Virtual Virtual Reality 2 developer Tender Claws has unionized
VR game developer Tender Claws has unionized. On Friday afternoon, the Los Angeles studio announced its employees had established the Tender Claws Human Union. With the help of the Communications Workers of America’s Campaign to Organize Digital Employees, the union currently consists of 13 workers across different studio departments, including full and part-time artists, producers, and programmers.
“Tender Claws is a small studio that has made an outsized impact on the industry–something that would not be possible without the creativity, talent, and commitment of our employees,” wrote co-founders Danny Cannizzarro and Samantha Gorman. “We’ve worked hard over the years to make Tender Claws a supportive place to work…The Tender Claws Human Union will no doubt have a positive impact both within and beyond our walls.”
The Tender Claws Human Union proudly announced their formation on Twitter, and “look forward to working with management to positively shape Tender Claws and the industry for years to come.”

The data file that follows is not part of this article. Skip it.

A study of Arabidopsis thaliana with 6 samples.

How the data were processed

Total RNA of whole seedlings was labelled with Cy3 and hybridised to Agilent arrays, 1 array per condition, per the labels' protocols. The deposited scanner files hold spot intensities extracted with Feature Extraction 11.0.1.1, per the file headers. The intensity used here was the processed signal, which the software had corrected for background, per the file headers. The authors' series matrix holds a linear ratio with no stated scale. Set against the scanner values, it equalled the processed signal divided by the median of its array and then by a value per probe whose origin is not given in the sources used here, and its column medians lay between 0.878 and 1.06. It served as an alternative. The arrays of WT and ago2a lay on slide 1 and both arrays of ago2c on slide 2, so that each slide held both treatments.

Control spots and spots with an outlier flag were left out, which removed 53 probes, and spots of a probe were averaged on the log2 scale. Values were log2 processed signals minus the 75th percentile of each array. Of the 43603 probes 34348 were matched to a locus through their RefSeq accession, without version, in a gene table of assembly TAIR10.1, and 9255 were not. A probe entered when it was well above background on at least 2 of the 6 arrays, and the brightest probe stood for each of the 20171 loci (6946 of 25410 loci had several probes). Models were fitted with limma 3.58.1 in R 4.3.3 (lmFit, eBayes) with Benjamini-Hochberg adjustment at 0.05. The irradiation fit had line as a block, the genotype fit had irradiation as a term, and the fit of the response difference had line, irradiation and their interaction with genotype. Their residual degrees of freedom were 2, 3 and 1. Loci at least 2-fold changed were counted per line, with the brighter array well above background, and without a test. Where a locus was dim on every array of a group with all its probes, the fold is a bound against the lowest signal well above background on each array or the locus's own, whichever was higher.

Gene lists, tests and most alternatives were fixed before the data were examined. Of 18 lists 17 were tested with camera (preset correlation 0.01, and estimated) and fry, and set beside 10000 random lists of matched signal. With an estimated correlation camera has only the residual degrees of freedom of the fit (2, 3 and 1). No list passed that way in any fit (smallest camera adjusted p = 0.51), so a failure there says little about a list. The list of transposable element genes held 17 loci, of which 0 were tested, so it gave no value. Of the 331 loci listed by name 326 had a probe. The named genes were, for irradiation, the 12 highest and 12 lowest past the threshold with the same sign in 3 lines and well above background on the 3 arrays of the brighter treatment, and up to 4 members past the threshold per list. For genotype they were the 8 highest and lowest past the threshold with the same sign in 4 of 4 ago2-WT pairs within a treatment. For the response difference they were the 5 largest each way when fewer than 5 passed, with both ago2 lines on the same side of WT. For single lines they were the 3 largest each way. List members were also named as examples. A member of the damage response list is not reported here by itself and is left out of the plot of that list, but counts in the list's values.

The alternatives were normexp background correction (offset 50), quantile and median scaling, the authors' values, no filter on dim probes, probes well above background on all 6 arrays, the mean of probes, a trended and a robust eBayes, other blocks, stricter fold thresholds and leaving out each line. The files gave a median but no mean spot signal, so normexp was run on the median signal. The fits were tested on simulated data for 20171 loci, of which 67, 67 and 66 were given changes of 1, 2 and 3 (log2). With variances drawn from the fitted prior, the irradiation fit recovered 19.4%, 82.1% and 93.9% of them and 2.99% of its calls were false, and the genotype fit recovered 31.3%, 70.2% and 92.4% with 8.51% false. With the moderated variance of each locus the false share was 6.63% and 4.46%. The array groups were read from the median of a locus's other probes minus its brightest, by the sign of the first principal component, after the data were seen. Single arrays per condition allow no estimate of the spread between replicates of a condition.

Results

First founded in 2014 by Cannizzarro and Gorman, Tender Claws has released multiple award winning virtual and augmented reality titles. Its most recent title, Virtual Virtual Reality 2, released on the Meta Quest and Rift earlier this year.
Employees of Tender Claws came to management earlier in the week with a petition and request for voluntary recognition. Once management recognized the Union, the petition was filed on Friday with the National Labor Relations Board.
Let there be more unions
Within the last year, more game studios are making active efforts to unionize. A June report from the global labor organization Uni Global Union revealed that 66 percent of game developers say they’re underpaid. When asked, 79 percent of developers said they would “definitely” or “somewhat” support a developers union.
That same month, contractors at Keywords Studios, who provide support for developer BioWare Edmonton, became unionized after a unanimous vote. Keywords contractors were spurred into action by low wages and the sudden news that their remote work would end. A union spokesperson at the time expressed excitement at “bargaining with the employer and start towards a more equitable working situation.”
Blizzard employees are also currently staging a walkout in response to the company’s stance on Roe v. Wade’s overturn, and demand “protection of several communities of marginalized workers,” in particular workers who live in states targeting women and LGBTQ employees. The walkout is also in response to allegations of Activision’s active engagement in union busting, including instances of employees being harassed and intimidated for organizing.